In sickness and wealth - how UK tests for coronavirus
If you are in the UK and worried about contracting the coronavirus, it appears for peace of mind about your health, it truly pays to be wealthy.
Newspaper headlines in the past few days have focused on celebrities or sporting stars such as actor Idris Elba or Arsenal football manager Mikel Arteta saying they have been tested -- and tested positive -- for the virus.
A private Harley Street clinic said on Wednesday that it has been "inundated" from worried people prepared to pay £375 (405 euros, $440)for a test to see if they have the virus or not.
But poor or rich, unknown or famous, the coronavirus strikes without distinction. And the fact that so many high-profile people have been able to get a test comes as debate rages across Britain about why tests are not being made more freely available to the general population and especially to frontline health staff.
Test, test, test?
The state-run National Health Service (NHS) does not systematically test all patients, despite recommendations of the World Health Organization, which urges "to test, test, test".
Patients in the UK with mild symptoms are, for now, told to isolate themselves at home. But for those fortunate enough to afford a coronavirus test, there is another option.
"We are inundated with requests to provide private tests," the head of the clinic, Mark Ali, told The Daily Telegraph newspaper. "People are worried. They want to find some clarity in their lives."
The clinic's website confirmed it is charging £375 for a test.
According to the newspaper, more than 2,000 orders have already been placed since the launch of the product at the end of last week, by people whom the NHS has refused to test in particular.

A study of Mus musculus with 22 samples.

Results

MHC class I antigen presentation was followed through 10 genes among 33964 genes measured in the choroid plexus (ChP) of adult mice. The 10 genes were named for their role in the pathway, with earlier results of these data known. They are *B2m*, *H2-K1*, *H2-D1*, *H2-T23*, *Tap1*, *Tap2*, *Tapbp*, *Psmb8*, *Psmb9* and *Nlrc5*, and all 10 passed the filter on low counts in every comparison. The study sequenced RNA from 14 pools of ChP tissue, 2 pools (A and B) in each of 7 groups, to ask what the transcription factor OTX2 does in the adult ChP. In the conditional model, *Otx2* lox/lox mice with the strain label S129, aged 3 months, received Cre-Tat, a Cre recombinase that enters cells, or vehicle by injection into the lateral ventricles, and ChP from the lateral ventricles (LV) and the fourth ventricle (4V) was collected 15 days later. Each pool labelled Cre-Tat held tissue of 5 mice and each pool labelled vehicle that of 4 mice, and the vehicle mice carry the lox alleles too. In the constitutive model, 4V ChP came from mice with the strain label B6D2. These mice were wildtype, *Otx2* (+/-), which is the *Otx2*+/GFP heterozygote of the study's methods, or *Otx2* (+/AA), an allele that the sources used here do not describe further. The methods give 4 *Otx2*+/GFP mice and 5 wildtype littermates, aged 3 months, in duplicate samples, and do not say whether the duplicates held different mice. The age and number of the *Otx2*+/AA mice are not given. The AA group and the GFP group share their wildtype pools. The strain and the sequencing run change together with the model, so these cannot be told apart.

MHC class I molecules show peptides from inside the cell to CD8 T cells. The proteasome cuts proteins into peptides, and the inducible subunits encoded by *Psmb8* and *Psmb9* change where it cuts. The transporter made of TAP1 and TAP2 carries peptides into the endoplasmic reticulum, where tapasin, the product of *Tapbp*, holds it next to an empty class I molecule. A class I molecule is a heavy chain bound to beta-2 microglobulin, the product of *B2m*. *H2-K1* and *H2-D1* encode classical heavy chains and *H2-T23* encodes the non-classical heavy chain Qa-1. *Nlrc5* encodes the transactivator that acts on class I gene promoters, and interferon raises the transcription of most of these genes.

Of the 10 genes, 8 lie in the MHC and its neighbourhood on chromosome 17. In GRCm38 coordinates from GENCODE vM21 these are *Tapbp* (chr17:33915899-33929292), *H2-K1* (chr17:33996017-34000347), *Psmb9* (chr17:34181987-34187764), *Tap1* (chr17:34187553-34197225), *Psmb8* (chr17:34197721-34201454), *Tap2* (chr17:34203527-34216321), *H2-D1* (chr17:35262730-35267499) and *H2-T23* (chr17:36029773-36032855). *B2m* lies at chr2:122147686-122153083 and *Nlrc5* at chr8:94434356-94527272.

The home test kit is sent within 48 hours to the address provided by the paying customer, who must provide two swabs from the nose and throat and then send them to a laboratory in the north of England.
The results are obtained within three days and "the results are 100 percent reliable", claims the clinic. For those who can afford it, this is a way of circumventing the selective tests put in place in the United Kingdom, which have raised questions about the ability of health authorities to closely follow the evolution of the pandemic in Britain, which has left 104 people dead, according to latest figures.
25,000 tests a week
Faced with criticism, Boris Johnson's government has pledged to increase the number of tests from 5,000 to 10,000 per day "by next week".
The goal is to reach 25,000 daily tests in hospitals "within four weeks", the government has stated. So far, around 56,000 tests have been carried out since the start of the epidemic.
Ministers have also called on companies to work with government to "rapidly" design a test to determine if a healthy person has been exposed to the virus and has obtained immunity.
But the British government maintains its approach is guided by one thing -- to save lives. "Our goal is to preserve lives, protect the most vulnerable and relieve the pressure on our NHS," said health minister Matt Hancock. "It is therefore right that we prioritise those most at risk for serious illness.